Did Ward Cunningham invent linkify prior to Apple’s patent?

on HTC and Google Android described in Adrian Kingsley-Hughes’ ZDNet article as a “massive patent blow”. Here in July 2011 HTC was found to have infringed two of Apples patents, according to Bloomberg.

One of the two patents in question is U.S Patent 5,946,647 (see also at Google patents). I found a good detailed introduction to the patent and case at FOSS Patents. The patent is filed February 1st, 1996 and has the date August 31st, 1999.

The particular software patent deals with identifying structured elements in a text so it can be linked to “actions” – if I understand the patent correctly. These structured elements could be “a phone number, post-office address, e-mail address, and name.” Identifying the phone number could result in a program implementing an action such as “dialing a number identified by the telephone number grammar or placing the number in an electronic telephone book”. With my quick scan of the patent I couldn’t see that identification of Web links was mentioned.

In Android a related functionality seems to be implemented with the so-called Linkify. As far as I can see the functionality allows you to identify email addresses, street addresses, phone numbers and web links.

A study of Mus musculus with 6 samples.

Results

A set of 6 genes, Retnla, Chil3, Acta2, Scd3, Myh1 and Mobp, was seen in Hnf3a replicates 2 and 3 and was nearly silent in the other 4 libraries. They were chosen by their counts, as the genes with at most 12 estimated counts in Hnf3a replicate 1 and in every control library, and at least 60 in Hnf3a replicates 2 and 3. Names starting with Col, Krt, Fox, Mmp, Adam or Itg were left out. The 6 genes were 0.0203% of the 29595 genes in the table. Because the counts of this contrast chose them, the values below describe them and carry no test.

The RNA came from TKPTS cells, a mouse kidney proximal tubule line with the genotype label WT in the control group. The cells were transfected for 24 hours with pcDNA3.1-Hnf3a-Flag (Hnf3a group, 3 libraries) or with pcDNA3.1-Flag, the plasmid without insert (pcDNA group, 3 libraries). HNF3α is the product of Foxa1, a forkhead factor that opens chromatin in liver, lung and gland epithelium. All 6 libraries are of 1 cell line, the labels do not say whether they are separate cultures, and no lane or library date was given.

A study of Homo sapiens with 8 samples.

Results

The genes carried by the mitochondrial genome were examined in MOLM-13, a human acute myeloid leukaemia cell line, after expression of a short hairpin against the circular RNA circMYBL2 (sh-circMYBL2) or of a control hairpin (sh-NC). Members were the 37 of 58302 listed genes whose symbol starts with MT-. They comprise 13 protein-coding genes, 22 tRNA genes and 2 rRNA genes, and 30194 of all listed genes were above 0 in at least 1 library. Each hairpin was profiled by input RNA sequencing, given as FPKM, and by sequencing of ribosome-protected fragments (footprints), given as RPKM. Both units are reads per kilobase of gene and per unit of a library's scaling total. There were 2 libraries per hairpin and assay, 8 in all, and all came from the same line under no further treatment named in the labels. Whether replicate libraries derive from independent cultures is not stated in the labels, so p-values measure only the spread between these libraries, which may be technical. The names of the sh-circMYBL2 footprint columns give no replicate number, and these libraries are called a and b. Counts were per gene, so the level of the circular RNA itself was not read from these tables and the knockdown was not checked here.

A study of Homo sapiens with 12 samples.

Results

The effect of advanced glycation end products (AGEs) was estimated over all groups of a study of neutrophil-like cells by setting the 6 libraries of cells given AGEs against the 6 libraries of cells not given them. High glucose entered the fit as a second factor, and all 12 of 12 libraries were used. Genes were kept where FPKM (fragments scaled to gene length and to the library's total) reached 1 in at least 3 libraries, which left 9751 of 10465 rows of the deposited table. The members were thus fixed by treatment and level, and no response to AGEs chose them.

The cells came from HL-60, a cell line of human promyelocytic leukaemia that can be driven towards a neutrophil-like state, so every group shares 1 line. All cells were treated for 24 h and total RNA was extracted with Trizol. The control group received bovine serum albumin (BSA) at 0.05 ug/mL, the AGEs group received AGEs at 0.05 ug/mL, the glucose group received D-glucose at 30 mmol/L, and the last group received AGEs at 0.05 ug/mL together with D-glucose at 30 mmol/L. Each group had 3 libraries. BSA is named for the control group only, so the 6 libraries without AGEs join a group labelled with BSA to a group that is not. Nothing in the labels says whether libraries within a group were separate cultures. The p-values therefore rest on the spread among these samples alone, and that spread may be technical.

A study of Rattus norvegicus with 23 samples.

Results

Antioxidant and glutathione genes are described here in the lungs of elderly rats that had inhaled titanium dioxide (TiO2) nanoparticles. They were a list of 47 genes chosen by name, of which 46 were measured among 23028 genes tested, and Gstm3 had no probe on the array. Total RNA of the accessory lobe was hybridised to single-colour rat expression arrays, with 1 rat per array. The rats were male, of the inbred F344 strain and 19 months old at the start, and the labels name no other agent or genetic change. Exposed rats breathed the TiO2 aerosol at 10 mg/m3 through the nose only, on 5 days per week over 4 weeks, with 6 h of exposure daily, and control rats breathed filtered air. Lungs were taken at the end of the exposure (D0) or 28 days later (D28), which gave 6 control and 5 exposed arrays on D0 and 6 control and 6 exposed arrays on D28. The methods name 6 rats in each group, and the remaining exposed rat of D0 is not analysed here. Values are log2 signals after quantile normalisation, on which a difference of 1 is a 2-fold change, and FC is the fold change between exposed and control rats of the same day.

It occurred to me that wikis do identification of structured elements: weblinks and CamelCase, – but usually wikis do not identify phone numbers, names and street addresses. Identification of web links are associated with clickable links (well, of course). CamelCase are either associated with links to an existing page or construction of a new page. Ward Cunningham‘s wiki goes back to March 25, 1995. I was not familiar with that early system, but I suppose it had link extraction with regular expressions. So hasn’t Cunningham come up with a linkify functionality for web links already in 1995?

When I was visiting NEC Research Center in Princeton in 1999-2000 several researchers were working with extracting structured elements from texts such as emails, scientific papers and web pages. Andries Kruger constructed a system that would identify names and dates from scientific call for papers. The system is described in DEADLINER: Building a new niche search engine. Kurt Bollacker, Steve Lawrence and C. Lee Giles were working on the CiteSeer system that extracted authors, titles and years among other things from scientific papers. This is described in CiteSeer: an autonous Web agent for automatic retrieval and identification of interesting publications. I also had a go on regular expressions for extraction of structured elements. Most recently I have been working on extracting brain coordinates from neuroscience papers. If you press the “Extract: Talairach coordinates from linked PDF” link on a Brede Wiki page there is a regular expression going over the text in a PDF so individual brain coordinates can be linked up to specialized neuroscientific searches. Similar extraction is happening in large-scale in Tal Yarkoni’s NeuroSynth database, see this entry for an example extraction rendered nicely on a MRI brain scan.